This is pushing so many buttons for us right now; recordings of flutes and electronics from Brooklyn’s John Also Bennett aka JAB on his debut solo album ‘Erg Herbe’, echoing a fine tradition of loft-based, downtown NYC minimalism and new age ambience that references classic work by La Monte Young and Laurie Speigel as well as quieter intimations of Dominique Lawalrée or Takehisa Kosugi and Bennett’s regular collaborator Jon Gibson. The results are deeply beautiful, in a manner everyone has by now come to expect from the wonderful Shelter Press.
A decade in the works, ‘Erg Herbe’ follows 2018’s enchantingly elusive CV & JAB album as John Also Bennett’s 2nd release for Felicia Atkinson and Bartolemé Sanson’s widely adored label. It finds the Brooklyn-based artist in gentle pursuit of a sound which best represents his sense of self, using an array of flutes and synthesisers to imbue a distinguished sense of character into his music in much the same way as the original downtown heroes whose footsteps he follows, with the humble yet ambitious goal to, in his own words; “…create nice, strange, and thoughtful music that reflects a genuine inner vision of self.”
In a patient and patently soulful manner befitting of those minimalist and ambient pioneers, Bennett physically breathes life into the album on a C flute, Alto flute, and rare Chinese dizi flute, suspended in space with the gaseous tonal hues of a Yamaha DX711-D, Yamaha CS Reface and Roland Super JV-1080, plus Farfisa Organ. The effect is intoxicatingly rich yet modest, eliding new age spiritual concerns with minimalism’s more scholastic approach - using modified Aphex Twin presets played with a just intonation tuning system, and oscillators “tuned to intuitive structures using intervals of 30Hz” to generate warm and deeply heady harmonic sensations.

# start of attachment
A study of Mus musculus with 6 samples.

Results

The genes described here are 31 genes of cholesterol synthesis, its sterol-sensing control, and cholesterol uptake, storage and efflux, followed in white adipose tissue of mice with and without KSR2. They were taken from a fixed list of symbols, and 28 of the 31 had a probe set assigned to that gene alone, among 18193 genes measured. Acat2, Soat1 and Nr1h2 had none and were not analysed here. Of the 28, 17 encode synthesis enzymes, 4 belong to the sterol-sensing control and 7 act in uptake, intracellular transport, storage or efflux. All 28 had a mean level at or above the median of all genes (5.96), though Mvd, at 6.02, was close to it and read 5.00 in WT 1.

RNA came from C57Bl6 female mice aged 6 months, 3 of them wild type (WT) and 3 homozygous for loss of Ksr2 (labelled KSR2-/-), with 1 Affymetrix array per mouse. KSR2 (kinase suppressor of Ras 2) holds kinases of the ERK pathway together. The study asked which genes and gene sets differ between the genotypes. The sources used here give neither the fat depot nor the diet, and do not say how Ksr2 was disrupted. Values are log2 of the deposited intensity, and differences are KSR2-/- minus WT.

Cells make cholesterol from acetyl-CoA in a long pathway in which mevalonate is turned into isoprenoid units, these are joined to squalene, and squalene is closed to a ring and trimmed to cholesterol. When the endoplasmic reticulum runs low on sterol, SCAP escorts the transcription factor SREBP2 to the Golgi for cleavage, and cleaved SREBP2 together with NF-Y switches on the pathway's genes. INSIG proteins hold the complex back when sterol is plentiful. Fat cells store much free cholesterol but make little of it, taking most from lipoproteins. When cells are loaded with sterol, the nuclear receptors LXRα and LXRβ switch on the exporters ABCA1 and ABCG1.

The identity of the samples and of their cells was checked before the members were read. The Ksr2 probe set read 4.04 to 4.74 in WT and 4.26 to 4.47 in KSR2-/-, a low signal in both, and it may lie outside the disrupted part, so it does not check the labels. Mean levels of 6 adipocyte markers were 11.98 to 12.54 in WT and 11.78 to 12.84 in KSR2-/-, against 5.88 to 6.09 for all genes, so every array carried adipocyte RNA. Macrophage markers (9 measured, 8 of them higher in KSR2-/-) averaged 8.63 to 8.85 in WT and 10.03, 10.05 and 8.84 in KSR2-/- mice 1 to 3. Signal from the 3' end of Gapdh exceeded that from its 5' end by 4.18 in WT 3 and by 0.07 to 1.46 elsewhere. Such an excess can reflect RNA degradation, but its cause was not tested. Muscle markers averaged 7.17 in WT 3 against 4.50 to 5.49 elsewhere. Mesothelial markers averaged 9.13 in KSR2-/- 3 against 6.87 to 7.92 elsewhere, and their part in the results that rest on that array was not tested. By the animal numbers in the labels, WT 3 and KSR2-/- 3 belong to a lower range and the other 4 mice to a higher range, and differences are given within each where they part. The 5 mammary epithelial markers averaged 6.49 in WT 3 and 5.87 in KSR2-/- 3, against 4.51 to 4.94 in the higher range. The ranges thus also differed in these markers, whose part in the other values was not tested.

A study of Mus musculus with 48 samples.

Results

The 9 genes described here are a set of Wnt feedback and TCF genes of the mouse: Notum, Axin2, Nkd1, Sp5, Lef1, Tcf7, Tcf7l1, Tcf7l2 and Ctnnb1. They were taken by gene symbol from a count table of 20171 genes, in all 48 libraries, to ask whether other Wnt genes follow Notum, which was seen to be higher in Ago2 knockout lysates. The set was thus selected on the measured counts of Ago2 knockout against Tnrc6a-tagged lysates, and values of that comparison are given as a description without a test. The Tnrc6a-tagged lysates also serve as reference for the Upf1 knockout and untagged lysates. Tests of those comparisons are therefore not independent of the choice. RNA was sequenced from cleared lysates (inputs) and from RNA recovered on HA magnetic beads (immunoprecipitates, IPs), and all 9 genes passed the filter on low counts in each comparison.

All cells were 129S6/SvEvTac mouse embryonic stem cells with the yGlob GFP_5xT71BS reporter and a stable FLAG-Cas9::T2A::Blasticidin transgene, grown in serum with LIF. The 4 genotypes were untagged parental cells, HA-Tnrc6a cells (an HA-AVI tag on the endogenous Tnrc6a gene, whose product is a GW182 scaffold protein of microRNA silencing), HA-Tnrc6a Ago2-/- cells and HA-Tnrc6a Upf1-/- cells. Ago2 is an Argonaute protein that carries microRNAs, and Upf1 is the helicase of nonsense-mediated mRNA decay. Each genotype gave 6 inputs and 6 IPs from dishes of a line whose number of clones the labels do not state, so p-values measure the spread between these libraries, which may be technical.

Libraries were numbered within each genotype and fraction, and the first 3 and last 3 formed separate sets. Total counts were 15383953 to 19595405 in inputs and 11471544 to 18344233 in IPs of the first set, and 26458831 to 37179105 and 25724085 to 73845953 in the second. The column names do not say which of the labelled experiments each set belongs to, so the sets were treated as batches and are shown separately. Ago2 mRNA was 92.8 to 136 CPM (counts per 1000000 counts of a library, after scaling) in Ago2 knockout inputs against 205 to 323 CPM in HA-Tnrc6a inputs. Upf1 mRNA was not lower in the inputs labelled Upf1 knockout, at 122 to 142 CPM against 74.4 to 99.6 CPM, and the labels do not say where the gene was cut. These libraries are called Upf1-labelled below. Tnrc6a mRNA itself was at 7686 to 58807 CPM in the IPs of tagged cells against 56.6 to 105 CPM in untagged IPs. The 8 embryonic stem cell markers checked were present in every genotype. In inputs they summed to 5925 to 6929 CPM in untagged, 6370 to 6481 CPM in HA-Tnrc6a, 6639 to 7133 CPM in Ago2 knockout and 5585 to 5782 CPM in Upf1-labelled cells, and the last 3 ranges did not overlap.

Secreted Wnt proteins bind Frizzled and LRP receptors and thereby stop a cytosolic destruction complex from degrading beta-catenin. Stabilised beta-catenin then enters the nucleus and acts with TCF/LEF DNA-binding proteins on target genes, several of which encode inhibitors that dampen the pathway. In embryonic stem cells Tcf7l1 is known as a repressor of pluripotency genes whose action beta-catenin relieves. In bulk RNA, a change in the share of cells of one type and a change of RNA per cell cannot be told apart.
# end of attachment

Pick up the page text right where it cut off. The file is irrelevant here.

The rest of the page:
Underlying and tying this all together is the album’s title, ‘Erg Herbe’, an invented turn of phrase - erg meaning a sea of desert sand dunes, and herbe being french for grass - mirroring the music’s dreamy imagery of rolling green landscapes and blue/pink/orange skies. From the radiant warmth of the opener, to the pastoral waltz of ‘Jacob’s House’, thru the 12 minutes centrepiece of ‘Distant Patterns’ with its raga-like flute and pillowy pads, to the chance midnight meeting of flutes in ‘Chanterai por mon coraige’, recorded in a decrepit mill near the Shelter Press HQ, we’re left zoned out and deeply tuned in to his gorgeous, transcendent music.